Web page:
BUNBURY families with children diagnosed with cystic fibrosis will have to pay $250,000 a year if they want to access a revolutionary new drug that improves the condition’s symptoms.
A fortnight ago the Pharmaceutical Benefits Advisory Committee announced a decision not to fund the new drug Orkambi.
The life-threatening genetic disease affects the lungs and digestive system with no current cure.
An open letter written by Cystic Fibrosis Australia CEO Nettie Burke said clinical trials of the drug provided solid evidence of improved lung function and reduced hospitalisation.
The drug is currently available in other nations for patients aged 12 and over with trials starting on children with cystic fibrosis aged six and over. Without the PBS, the drug costs users up to $5000 a week.
Bunbury parents Adrian Knapinski and Clare Yearsley said Orkambi promised a brighter future for their daughter whose daily treatment includes 25 doses of medicine.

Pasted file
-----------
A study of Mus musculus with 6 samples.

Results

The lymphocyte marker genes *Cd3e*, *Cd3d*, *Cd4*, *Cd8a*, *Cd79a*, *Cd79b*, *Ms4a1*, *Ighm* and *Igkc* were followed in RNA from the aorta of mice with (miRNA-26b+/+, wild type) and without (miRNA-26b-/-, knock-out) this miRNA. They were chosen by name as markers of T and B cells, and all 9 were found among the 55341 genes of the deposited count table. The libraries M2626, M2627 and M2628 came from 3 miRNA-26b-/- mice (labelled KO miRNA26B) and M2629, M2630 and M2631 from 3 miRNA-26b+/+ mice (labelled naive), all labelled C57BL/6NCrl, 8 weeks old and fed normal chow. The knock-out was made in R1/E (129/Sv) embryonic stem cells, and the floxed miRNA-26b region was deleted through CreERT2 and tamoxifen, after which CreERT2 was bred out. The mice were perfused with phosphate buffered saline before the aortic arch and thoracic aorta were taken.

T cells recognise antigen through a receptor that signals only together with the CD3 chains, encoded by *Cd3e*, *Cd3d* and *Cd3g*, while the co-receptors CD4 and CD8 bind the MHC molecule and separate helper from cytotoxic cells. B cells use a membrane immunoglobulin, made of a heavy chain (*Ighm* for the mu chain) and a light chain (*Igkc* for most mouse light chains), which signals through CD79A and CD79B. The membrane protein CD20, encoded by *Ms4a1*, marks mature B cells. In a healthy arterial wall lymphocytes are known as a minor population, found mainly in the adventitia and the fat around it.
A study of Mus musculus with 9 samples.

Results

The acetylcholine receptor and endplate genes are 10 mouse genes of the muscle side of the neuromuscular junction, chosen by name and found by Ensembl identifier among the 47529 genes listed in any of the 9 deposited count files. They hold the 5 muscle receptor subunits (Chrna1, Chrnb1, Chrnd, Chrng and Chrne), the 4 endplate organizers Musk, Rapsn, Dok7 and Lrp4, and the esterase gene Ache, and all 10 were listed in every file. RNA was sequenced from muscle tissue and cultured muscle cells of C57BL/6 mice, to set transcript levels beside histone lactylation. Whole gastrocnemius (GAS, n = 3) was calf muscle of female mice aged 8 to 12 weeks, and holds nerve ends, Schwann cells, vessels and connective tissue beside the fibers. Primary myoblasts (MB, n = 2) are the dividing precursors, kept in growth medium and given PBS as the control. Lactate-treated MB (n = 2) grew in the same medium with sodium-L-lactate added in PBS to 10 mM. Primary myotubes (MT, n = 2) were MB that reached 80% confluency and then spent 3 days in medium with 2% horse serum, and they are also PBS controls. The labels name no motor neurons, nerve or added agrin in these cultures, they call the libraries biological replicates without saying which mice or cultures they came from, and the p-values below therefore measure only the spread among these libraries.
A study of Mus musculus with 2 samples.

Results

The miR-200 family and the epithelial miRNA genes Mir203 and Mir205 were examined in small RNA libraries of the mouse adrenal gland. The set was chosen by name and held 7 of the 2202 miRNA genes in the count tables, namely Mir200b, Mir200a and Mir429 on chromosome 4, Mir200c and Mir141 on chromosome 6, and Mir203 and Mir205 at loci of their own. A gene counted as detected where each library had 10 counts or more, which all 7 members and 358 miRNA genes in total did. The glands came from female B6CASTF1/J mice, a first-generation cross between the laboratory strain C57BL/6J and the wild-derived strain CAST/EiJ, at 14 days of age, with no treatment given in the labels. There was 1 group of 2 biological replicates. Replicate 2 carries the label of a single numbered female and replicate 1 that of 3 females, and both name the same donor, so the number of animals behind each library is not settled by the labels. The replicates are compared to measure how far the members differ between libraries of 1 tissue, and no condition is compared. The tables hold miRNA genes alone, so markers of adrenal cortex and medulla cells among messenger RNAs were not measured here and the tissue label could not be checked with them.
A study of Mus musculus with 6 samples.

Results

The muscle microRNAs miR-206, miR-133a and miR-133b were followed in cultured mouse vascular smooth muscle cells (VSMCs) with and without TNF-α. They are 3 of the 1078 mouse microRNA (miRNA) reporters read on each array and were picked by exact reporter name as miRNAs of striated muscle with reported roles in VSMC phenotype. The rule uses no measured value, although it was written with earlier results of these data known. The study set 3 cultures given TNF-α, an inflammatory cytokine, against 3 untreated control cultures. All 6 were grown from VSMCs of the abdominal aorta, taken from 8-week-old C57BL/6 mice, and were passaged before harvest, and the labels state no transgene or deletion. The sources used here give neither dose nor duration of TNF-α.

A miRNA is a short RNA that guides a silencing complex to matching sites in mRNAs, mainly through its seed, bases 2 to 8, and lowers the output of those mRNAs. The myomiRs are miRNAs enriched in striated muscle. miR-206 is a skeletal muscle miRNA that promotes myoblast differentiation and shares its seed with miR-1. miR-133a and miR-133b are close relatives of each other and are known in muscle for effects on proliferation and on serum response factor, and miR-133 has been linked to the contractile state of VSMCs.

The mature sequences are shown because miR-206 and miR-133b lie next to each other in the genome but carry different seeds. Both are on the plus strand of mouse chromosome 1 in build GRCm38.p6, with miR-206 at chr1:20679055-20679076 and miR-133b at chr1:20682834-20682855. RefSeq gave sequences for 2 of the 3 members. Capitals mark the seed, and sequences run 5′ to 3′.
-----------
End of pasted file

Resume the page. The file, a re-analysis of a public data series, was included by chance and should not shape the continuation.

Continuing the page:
“When you have a child with a chronic illness, you try your best to have faith in medicine,” Mrs Yearsley said.
“But what good are these advancements if the federal government then denies access?”
Fellow Bunbury parents Adrian and Taryn Barrett said the decision has them reconsidering future options for their son Connor who is nine months old.
“When Connor was diagnosed we were ready to jump on a plane and find the best care but were relieved to discover that was in fact Australia,” Mrs Barrett said.
“Considering Orkambi is widely accessible in America, now we are not so sure.
“It’s time for Federal Member for Forrest Nola Marino to stand up and help people with cystic fibrosis in her community by letting the government know this is not acceptable.”
Ms Marino told the Mail decisions made by the PBAC are done with the best advice and professional opinion available and it would not be appropriate to ignore the experts.
Orkambi will be resubmitted to the PBAC with more information later this year.